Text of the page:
To open a 1988-89 NBA season when the Jazz have plans of becoming genuine Western Conference championship contenders, we bring you the Seattle SuperSonics.
Imagine this: They feel as good about themselves as the Jazz do."I don't know how we're going to come out of the gate," said Coach Bernie Bickerstaff, "but I sure have a feeling this is going to be an excellent basketball team."
Sports Illustrated, in fact, is picking the Sonics to win the West, ahead of the Lakers and the Jazz. The Sonics and Jazz start the eight-month ordeal tonight in the Salt Palace.
The Sonics arrived in the West picture in 1986-87 when they were only 39-43 but stormed through the playoffs all the way to the conference finals against the Lakers. They lost to Denver in the first round of the playoffs last spring, but that was after they went 44-38 in the regular season.
They expect to keep improving, with rebounding king Michael Cage coming in a trade with the L.A. Clippers to replace Tom Chambers, who went to Phoenix as a free agent. Chambers' exit leaves guard Dale Ellis and forward Xavier McDaniel to do the scoring, which they can handle.
Bickerstaff expects to start second-year forward Derrick McKey and bring McDaniel off the bench. Jazz Coach Frank Layden, meanwhile, has decided to keep his preseason lineup intact _ meaning that Thurl Bailey, who made only 10 starts last season, will start and play his usual big minutes. So will all the regulars, while Bobby Hansen and Mike Brown are injured. "We're going to have to do that for about a month," said Layden.
This time, they'll have several days to recover. The only NBA team with Saturday night off, the Jazz will not play again until Wednesday.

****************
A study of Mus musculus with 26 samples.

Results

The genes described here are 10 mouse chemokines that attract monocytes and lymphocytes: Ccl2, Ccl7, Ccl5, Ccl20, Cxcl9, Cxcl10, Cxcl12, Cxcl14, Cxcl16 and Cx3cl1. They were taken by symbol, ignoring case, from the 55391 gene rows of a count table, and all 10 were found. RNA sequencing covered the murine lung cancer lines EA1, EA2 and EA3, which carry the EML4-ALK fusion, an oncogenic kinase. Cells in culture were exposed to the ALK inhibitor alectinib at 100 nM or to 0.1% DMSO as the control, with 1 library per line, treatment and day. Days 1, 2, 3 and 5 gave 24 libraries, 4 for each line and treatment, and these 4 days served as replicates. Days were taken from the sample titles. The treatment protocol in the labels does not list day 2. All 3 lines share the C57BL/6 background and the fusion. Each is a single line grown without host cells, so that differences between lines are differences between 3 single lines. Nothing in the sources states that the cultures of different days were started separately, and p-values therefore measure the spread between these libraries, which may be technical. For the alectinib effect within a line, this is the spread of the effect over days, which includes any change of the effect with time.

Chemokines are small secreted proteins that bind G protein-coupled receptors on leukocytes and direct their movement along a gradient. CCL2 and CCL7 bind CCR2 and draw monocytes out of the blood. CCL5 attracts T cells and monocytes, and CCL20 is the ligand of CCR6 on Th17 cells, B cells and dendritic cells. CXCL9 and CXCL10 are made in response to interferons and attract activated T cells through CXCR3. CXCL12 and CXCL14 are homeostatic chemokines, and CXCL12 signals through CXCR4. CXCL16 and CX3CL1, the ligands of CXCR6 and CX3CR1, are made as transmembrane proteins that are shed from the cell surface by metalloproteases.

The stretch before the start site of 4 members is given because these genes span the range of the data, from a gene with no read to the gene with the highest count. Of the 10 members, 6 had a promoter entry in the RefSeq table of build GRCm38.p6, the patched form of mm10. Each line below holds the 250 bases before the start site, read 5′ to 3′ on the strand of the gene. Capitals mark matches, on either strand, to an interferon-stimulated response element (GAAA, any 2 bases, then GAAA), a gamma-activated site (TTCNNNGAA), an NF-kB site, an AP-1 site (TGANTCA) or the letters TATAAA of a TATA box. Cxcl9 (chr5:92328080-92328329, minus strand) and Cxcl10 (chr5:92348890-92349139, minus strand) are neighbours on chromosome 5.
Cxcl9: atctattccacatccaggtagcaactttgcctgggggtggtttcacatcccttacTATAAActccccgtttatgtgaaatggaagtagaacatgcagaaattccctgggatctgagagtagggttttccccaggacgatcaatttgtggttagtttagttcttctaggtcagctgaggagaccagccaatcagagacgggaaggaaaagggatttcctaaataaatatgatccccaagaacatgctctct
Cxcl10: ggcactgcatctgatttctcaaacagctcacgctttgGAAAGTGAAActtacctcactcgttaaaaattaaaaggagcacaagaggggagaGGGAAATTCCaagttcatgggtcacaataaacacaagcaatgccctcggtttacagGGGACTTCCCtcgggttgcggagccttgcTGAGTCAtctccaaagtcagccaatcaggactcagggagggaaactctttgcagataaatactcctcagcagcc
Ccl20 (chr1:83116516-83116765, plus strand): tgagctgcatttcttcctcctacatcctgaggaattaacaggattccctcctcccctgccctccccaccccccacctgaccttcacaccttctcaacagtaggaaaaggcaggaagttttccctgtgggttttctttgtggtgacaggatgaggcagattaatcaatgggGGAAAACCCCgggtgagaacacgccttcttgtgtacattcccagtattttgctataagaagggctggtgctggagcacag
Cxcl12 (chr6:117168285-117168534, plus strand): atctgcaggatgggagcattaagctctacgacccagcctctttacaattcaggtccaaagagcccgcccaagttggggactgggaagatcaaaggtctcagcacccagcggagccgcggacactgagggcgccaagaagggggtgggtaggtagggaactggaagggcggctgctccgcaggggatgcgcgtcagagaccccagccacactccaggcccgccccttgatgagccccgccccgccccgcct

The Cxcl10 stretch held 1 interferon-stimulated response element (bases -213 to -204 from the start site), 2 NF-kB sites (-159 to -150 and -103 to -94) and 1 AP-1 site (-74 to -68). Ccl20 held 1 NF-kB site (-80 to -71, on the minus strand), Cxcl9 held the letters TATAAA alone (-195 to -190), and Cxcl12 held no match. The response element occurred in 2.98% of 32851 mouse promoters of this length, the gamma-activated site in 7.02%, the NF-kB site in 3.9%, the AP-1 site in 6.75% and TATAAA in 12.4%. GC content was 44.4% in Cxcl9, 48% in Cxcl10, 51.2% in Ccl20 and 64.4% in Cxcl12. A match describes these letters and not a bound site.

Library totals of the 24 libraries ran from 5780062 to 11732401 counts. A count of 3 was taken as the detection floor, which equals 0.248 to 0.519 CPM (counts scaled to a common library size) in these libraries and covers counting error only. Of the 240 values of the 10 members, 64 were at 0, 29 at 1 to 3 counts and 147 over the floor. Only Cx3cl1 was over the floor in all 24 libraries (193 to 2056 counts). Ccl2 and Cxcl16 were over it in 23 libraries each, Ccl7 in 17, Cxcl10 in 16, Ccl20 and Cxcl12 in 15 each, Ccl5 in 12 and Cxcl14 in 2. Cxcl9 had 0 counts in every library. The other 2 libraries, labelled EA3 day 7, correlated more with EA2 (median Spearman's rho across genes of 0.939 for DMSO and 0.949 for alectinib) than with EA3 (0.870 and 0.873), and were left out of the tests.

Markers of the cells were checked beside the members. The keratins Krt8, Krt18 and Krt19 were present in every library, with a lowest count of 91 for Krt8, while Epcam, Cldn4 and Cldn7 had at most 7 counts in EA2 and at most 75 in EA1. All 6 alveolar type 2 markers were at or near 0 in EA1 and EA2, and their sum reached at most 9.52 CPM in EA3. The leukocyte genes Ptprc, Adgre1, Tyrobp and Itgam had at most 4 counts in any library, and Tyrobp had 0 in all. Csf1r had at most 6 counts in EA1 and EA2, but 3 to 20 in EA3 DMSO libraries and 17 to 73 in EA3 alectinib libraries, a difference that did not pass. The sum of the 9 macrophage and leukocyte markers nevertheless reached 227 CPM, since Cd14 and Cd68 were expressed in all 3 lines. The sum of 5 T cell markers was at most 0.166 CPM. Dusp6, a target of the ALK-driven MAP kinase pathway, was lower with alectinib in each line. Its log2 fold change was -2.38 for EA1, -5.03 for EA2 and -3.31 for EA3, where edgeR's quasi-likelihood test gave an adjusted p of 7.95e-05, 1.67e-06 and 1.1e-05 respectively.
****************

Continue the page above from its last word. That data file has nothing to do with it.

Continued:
The Jazz will open the season with Bailey and John Stockton waiting for new contracts, but nothing dramatic is apparently in the works. "I'll be there," promised Bailey.
The Jazz and Sonics had a rivalry brewing last season, when Seattle officialssent videotapes to the NBA office protesting Malone's rough play. But the Jazz went on to rule the series (4-1), winning the last two games in Seattle _ including a one-pointer on the final weekend of the season when Scott Roth, who was re-signed by the Jazz Thursday, delivered a three-point shot.
Malone downplays any emotion in the Jazz-Sonics series. "Every team is a rival, you know what I'm saying?" he mused. "I don't think you can compare Utah-L.A (Lakers) to Utah-Seattle. Last year, some things were overreacted to. The amazing thing was, when we played you couldn't tell any of that stuff had happened."
In any case, both teams are more worried about how they'll open the new season than about any building rivalry. The Jazz spent most of the week working on special end-of-the-game plays. "One of my concerns was how we handled ourselves at the end of a game; I think we'll be better prepared," said Layden.
Layden's chief worry is being ready for any tricks from the Sonics; the Jazz scouted them twice during the preseason, but Seattle also had a full week to gear up for the opener. "You don't know what they're going to do," he says.
Same for the Jazz, who have lost their last six season openers. They played well at Dallas last November, only to lose by two on Derek Harper's three-pointer with one second left. We'll see what happens this time. "It's our first game, and that could very well set the tone for our season," says Malone.